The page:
Chase Utley does not plan to waive his no-trade rights


Anyway, Chase Utley has 10-and-5 no-trade rights too. And unlike Rollins he’s actually having a great year. That would seem to make him a pretty tasty trade target, no? Well, no. Todd Zolecki of MLB.com reports:

Utley has indicated his desire to remain in Philadelphia, but what if the team begins a long rebuilding effort?

“Well, you’re creating situations that aren’t necessarily going to happen,” Utley told MLB.com. “I guess we’d have to see at that point, but I don’t plan on going anywhere.”

Comments like that got Rollins raked over the coals. Will it happen to Utley?

(via MLB Trade Rumors)

Video: Aaron Judge hits 47th, 48th homers, now one shy of tying Mark McGwire’s rookie record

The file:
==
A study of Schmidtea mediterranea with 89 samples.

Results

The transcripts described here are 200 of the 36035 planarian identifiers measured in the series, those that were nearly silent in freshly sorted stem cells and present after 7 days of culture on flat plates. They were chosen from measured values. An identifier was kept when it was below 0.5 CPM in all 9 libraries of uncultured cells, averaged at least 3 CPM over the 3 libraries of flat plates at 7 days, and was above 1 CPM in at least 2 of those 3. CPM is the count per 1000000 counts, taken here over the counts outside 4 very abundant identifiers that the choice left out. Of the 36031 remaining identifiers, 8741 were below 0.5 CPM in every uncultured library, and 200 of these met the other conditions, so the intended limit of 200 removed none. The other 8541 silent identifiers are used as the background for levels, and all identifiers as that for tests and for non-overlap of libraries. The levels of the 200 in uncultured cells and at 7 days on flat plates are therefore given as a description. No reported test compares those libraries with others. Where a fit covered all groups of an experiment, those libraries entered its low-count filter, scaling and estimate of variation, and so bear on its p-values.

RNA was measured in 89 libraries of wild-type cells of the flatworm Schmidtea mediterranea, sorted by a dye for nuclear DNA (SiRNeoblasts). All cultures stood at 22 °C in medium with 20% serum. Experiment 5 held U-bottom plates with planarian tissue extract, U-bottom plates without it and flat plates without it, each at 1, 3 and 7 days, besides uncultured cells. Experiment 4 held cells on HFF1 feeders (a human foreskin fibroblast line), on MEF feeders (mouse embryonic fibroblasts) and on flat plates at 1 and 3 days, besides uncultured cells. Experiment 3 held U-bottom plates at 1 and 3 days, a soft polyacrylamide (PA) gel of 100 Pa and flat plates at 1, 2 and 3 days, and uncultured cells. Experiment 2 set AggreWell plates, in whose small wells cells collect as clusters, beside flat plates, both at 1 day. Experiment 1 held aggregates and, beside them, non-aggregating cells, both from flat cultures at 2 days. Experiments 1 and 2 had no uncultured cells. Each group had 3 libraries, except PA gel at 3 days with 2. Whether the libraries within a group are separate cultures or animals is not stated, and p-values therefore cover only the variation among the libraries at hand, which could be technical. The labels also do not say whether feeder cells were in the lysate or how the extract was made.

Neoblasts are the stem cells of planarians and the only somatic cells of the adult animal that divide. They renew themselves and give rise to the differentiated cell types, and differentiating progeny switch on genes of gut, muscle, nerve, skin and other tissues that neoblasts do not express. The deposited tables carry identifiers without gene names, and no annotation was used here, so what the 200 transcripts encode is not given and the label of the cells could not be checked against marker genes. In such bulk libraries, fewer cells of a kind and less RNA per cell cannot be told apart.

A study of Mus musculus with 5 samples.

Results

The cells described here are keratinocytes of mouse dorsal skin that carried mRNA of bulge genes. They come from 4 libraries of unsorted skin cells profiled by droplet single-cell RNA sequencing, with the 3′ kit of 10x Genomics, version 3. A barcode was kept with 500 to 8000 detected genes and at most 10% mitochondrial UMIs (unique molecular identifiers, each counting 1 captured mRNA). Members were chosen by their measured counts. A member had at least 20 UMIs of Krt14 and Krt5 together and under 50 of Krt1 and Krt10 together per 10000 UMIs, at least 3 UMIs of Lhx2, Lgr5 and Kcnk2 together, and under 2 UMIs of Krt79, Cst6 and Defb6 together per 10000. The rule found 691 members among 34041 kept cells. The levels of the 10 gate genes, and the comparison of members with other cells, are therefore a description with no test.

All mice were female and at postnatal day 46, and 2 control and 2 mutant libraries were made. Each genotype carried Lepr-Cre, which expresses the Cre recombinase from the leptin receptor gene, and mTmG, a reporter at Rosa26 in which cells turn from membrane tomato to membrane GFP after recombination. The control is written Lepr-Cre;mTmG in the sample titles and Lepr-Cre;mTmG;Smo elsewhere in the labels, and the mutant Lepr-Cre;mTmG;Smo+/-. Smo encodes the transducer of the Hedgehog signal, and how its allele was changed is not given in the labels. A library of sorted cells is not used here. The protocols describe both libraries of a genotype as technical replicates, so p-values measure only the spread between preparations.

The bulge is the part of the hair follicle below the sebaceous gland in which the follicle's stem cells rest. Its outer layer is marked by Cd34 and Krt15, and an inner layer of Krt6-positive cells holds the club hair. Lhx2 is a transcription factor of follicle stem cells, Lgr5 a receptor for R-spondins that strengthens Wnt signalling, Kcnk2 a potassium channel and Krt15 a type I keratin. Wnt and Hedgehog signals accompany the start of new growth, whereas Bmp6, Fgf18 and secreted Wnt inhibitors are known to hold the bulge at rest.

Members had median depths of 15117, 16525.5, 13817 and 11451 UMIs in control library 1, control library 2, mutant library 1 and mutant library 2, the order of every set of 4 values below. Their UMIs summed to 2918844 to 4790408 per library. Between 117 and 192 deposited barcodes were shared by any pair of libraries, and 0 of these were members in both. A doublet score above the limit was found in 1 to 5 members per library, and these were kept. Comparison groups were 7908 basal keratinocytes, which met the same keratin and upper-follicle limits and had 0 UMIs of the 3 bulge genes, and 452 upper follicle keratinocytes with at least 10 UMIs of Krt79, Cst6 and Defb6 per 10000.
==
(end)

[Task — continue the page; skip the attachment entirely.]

After Sunday’s performance, Judge is hitting .281/.416/.610 with 48 home runs, 105 RBI, and 122 runs scored in 651 plate appearances. He has the AL Rookie of the Year Award on lock and is neck-and-neck with the Astros’ Jose Altuve, Chris Sale of the Red Sox, and the Indians’ Corey Kluber in the AL MVP Award race.

Miguel Cabrera has two herniated discs in his back

Jason Miller/Getty Images

The back issues shed a lot of light on Cabrera’s uncharacteristically subpar season. He’s batting .249/.329/.399 with 16 home runs and 60 RBI in 529 plate appearances this season. He carries an adjusted OPS of 92, which is eight points below the league average and 14 points below his previous career low set in 2003 with the Marlins.

Cabrera, 34, is signed through 2023 and is owed a minimum of $192 million through the end of his contract.